A sulfur-like smell drove students from Paulsboro High School this morning.

A sulfur-like smell drove students from Paulsboro High School this morning.

Students were moved outside, not sent home, for less than an hour, while the school was ventilated.

"They were evacuated because the smell on the outside was less than the smell in the building," explained district superintendent Frank Scambia.

They returned by about 9:30 to finish a full day of classes, he said.

Investigators were continuing to try to determine the source of the smell.

A police lieutenant, who compared the odor to rotten eggs, said the problem was sulfur dioxide released from a nearby oil refinery.

Nearby Paulsboro Refining Co. might be to blame, said a spokesman, reversing an earlier denial.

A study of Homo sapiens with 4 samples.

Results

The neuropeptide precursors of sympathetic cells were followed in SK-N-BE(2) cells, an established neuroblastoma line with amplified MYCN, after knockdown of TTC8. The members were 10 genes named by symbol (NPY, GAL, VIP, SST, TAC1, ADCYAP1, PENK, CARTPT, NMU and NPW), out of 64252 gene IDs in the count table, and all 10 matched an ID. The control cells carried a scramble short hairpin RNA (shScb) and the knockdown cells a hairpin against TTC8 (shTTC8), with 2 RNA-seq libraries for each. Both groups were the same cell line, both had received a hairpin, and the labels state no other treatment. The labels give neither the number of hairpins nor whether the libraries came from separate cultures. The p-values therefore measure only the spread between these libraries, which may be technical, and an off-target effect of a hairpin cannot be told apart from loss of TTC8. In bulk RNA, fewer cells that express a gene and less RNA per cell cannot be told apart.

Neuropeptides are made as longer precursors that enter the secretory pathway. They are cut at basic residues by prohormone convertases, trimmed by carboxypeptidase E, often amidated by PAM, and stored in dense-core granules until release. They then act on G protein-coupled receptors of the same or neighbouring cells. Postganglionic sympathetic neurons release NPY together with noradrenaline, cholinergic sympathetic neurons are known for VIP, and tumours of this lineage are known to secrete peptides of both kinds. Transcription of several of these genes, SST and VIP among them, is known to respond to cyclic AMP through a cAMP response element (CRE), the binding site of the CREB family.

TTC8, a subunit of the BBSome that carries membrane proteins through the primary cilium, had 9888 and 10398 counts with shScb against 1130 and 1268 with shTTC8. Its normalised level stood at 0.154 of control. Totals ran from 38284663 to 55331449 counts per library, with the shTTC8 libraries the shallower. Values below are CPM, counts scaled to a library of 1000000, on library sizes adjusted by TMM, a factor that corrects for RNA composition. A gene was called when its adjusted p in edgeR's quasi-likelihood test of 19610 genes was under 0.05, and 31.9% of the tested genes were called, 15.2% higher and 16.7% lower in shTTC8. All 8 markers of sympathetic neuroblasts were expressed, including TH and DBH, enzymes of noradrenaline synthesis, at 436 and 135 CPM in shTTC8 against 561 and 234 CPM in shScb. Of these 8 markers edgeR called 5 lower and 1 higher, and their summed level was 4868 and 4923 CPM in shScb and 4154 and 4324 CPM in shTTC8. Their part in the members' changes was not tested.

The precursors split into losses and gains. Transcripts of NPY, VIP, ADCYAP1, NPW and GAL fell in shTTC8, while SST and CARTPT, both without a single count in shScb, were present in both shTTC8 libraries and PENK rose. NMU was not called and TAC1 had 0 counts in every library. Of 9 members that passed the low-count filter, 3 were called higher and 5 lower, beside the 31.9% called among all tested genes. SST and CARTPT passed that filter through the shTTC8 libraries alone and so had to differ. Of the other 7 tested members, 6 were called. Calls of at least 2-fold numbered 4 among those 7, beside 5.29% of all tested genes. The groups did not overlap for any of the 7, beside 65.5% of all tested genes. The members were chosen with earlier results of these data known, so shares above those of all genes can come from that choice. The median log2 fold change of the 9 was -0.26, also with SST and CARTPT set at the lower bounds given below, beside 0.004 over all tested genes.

An "operational upset" occurred this morning, said Michel Gayda of PBF Energy, the Parsippany, N.J.-based company that owns the plant.

He declined to elaborate except to say, "There was no explosion, no fire, no injuries."

Notes would be sent home to parents and guardians explaining what happened, the superintendent said.

The PBF plant, which can process 12,000 barrels of lube oil a day, was acquired in December from Valero Energy, which racked up several million dollars in fines from New Jersey for various pollution infractions.

The EPA monitored air near the high school from August 2009 to February 2010, checking for toxic levels of acetaldehyde, benzene and nickel. A report released in March found no reason for concern, and monitoring was suspended.

"We look forward to working with all of the local constituents to ensure that the plant is run safely, responsibly and reliably," PBF CEO Thomas Nimbley stated at the time of the acquisition.

The plant brought PBF's East Coast refining capacity up to 375,000 barrels per day.